This study examines the existence and sources of variation in the management of pediatric splenic injuries among hospitals in the United States and the factors associated with splenectomy.
Information on children 15 years of age and younger with a splenic injury diagnosis code was extracted from the Kids’ Inpatient Database 2000, a pediatric inpatient database of 2,784 hospitals in 27 states covering 72% of the nation’s population for the year 2000. Patient variables included age, sex, race, injury diagnoses, grade of splenic injury, splenic procedure code, and calculated Injury Severity Score. Hospital variables included pediatric status (free-standing, unit and adult), teaching status, annual pediatric splenic trauma volume, and national region. A multivariate logistic regression model was used to predict the factors associated with splenectomy based upon patient and hospital characteristics.
In all, 2,191 children with splenic injuries were identified; 253 (12%) underwent splenectomy. The crude rate of splenectomy varied significantly among pediatric hospital types: 3% (11/339) at freestanding children’s hospitals, 9% (45/525) at unit hospitals and 15% (197/1327) at adult hospitals (p < 0.001). Risk of splenectomy increased with the grade of splenic injury, patient age, and the presence of multiple injuries. Teaching hospitals and hospitals with higher patient volume were associated with lower risk for splenectomy. There was no relationship between splenectomy and gender, race, or national region. Despite adjustment for the above noted hospital and patient-specific variables, children treated at an adult hospital had 2.8 times the odds, and those treated at a unit pediatric hospital 2.6 times the odds, of undergoing splenectomy as those cared for at a free-standing pediatric hospital (p = 0.003 and 0.013, respectively).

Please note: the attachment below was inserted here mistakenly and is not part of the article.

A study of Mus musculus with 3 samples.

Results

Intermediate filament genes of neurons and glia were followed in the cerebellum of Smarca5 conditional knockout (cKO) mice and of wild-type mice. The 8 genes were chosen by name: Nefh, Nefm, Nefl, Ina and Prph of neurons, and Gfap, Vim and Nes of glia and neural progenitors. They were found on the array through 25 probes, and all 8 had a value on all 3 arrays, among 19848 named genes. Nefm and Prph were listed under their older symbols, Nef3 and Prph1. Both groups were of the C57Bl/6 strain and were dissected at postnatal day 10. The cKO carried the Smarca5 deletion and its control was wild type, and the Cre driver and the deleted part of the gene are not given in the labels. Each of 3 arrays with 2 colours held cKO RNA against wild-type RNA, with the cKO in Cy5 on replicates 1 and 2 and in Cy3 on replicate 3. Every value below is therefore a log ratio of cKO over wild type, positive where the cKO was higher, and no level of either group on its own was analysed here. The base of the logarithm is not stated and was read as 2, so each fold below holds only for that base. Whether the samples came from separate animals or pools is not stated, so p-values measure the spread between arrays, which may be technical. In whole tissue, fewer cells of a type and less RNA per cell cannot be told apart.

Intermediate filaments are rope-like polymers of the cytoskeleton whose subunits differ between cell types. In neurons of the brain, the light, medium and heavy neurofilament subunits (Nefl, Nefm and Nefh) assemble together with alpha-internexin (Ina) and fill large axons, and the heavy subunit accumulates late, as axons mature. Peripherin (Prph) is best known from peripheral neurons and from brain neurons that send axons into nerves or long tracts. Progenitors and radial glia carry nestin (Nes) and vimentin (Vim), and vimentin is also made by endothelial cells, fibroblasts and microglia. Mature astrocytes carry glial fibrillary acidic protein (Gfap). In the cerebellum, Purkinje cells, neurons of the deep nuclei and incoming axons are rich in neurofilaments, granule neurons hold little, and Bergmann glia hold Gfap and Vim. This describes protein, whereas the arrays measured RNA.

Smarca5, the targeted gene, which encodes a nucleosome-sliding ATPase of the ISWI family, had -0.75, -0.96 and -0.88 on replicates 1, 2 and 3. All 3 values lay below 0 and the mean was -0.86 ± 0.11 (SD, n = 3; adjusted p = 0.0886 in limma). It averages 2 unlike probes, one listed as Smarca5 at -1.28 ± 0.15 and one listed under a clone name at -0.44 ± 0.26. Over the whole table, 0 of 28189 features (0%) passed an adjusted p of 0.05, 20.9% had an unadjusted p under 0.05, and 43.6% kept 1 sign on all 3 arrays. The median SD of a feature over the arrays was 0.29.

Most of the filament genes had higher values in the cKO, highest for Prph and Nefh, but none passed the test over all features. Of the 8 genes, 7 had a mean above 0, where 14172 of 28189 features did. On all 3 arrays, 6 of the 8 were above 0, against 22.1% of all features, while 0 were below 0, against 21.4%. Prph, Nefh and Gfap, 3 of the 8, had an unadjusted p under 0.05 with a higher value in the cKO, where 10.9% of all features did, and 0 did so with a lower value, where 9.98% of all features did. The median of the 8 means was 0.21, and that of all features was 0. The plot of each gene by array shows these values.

Nationally, children cared for at freestanding pediatric hospitals have a significantly lower risk of splenectomy than children treated at either adult hospitals or pediatric hospitals within an adult hospital. This may have implications for education, trauma triage and the establishment of practice guidelines.
From the Children’s Hospital Boston (D.P.M., P.W.F.), Boston, Massachusetts; Barbara Bush Children’s Hospital (D.H.R.), Portland, Maine.
Submitted for publication January 4, 2005.
Accepted for publication May 4, 2005.
Adddress for reprints: David Mooney, MD, 300 Longwood Avenue, Boston, MA 02115; email: firstname.lastname@example.org.